Just down the way from the White Lotus is Tranquillum House, a refuge for the world-weary that promises healing and transformation, without the chaos and conversation-starting of its closest thematic competitor.
Nine Perfect Strangers, the new David E. Kelley series adapted from Liane Moriarty’s 2018 novel, is a light satire of wellness and guru culture. It’s also a “Things are not as they seem” kind of show, but as you inch closer to what that might mean (I saw six of eight episodes), you get that creeping feeling that writers Kelley and John-Henry Butterworth didn’t know how to back out of that corner.
Director: Jonathan Levine
This new series from David E. Kelley is a mystery set at a wellness resort. Or is it a drama? Maybe a thriller?
The cast of Nine Perfect Strangers is great: Melissa McCarthy, Bobby Cannavale, Michael Shannon, Regina Hall, Samara Weaving, Luke Evans, Grace Van Patten, Melvin Gregg, and Asher Keddie play the (mostly) strangers, who are all at Tranquillum because they’re broken or stuck at some point in their lives. (And, ostensibly, have the money and resources to stay at this posh retreat for 10 days.) McCarthy’s Francis, an author who’s reeling after being scammed by a man online, is given the most backstory, and romantic potential with Tony (Cannavale), a man haunted by his past and hooked on pills.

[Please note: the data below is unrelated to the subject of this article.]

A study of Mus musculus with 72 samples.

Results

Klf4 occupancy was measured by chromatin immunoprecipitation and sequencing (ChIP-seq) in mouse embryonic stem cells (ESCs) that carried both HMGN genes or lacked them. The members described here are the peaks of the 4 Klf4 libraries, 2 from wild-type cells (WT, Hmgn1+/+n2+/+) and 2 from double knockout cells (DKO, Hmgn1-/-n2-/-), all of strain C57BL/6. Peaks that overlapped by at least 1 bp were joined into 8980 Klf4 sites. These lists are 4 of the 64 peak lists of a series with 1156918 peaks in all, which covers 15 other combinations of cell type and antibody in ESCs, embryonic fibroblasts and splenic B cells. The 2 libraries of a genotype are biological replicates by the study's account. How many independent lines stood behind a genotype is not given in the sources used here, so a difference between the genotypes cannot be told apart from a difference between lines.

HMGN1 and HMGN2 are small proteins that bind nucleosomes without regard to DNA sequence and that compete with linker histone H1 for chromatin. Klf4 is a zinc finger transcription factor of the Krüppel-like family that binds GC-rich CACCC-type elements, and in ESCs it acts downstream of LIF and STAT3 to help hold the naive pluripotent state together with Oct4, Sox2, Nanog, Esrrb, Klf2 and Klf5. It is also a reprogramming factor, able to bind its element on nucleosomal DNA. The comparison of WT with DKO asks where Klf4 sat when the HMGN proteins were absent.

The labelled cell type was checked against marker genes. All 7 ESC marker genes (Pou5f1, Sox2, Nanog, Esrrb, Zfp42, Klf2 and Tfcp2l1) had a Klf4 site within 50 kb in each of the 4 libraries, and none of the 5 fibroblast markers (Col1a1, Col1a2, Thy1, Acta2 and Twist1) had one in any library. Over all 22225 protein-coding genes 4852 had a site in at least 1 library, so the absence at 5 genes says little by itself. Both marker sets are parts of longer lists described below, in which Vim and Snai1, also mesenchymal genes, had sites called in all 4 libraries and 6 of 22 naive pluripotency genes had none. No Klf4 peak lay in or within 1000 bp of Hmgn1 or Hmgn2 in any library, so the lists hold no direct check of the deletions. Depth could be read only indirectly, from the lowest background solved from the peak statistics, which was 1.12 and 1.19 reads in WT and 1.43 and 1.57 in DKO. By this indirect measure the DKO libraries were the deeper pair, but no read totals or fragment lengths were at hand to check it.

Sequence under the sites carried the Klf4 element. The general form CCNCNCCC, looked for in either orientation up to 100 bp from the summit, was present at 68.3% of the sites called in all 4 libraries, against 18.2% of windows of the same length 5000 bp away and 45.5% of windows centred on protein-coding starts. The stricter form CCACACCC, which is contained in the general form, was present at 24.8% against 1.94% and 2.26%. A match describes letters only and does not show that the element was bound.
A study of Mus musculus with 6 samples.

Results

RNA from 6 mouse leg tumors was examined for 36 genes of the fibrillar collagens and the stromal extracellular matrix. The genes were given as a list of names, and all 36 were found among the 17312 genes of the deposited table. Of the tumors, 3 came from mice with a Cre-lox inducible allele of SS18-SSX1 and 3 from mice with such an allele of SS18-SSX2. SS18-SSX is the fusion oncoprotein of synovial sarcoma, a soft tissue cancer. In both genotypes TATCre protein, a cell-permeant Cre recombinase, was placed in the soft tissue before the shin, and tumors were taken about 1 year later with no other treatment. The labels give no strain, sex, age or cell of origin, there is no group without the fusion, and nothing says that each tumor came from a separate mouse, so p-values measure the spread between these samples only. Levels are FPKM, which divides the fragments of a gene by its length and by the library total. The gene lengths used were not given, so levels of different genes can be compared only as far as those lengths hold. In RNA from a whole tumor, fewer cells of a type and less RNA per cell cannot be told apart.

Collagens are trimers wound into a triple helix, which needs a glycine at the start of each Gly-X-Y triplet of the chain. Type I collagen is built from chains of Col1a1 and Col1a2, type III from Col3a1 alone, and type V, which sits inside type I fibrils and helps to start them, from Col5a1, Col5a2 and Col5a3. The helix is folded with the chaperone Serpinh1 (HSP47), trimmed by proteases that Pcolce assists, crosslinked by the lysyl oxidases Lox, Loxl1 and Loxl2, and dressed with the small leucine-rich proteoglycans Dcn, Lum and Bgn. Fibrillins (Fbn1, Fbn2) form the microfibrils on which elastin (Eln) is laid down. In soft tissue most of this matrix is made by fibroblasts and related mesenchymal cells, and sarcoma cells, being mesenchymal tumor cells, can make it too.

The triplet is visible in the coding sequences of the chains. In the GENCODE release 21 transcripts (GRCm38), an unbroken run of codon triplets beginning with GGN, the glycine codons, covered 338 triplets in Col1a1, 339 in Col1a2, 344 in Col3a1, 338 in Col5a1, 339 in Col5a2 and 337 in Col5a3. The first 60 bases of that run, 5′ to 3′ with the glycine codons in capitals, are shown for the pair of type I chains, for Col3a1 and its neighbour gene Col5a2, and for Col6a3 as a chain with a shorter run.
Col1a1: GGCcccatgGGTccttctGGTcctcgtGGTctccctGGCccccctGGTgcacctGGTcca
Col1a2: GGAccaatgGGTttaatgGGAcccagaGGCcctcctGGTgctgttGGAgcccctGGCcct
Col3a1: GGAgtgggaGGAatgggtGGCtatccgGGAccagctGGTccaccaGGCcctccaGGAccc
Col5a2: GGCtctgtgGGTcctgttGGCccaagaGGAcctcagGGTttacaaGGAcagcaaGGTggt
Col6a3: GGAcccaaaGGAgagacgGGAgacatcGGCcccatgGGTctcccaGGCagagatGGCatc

And then there’s Nicole Kidman as Masha, the intense, mysterious Russian owner of Tranquillum. Masha looks like an alien (and a little like her Aquaman character), gliding around the grounds and sitting silently in her surveillance lair. Are we supposed to embrace her or fear her? Well, the way she uses vague therapy speak and manipulation suggests the latter. And then we see her latch on to the Marconis (Shannon, Keddie, and Van Patten), a vulnerable, grieving family.
From Big Little Lies, another Moriarty book-turned-series, to last year’s outsized drama The Undoing, Kelley reliably gives Kidman a lot to work with. But the issue here is that Kidman—who apparently stayed in character as Masha during filming—appears to be acting in a completely different series. Yao (Manny Jacinto) and Delilah (Tiffany Boone), Masha’s attendants, have professional and personal relationships with her, but they don’t get enough of their own backstory.
Director Jonathan Levine (Long Shot, 50/50) tries his best to keep all the characters in equal time, and gives viewers some more abstract scenes. (One where Francis hallucinates a miniature version of the man who scammed her has Ally McBeal Dancing Baby vibes.) Unfortunately, Nine Perfect Strangers doesn’t know what kind of series it is, bordering on A24-esque horror one minute, then a whodunnit, then romantic comedy, especially in following the budding romance between Francis and Tony, which feels like the most genuine aspect of the show.
Kidman is fully engaged as Masha, especially as she slips in and out of a Russian accent and lets the mask drop a bit. This does feel like a role she was made to play, so it’s disappointing that it feels so out of step with the rest of the series. While there are scenes that hint at the real-world weirdness of retreats like Tranquillum—a nerve-wracking sack race, attendees digging and laying in their own graves—Nine Perfect Strangers skirts around the more insidious aspects of wellness culture in favor of unraveling the mystery of Masha.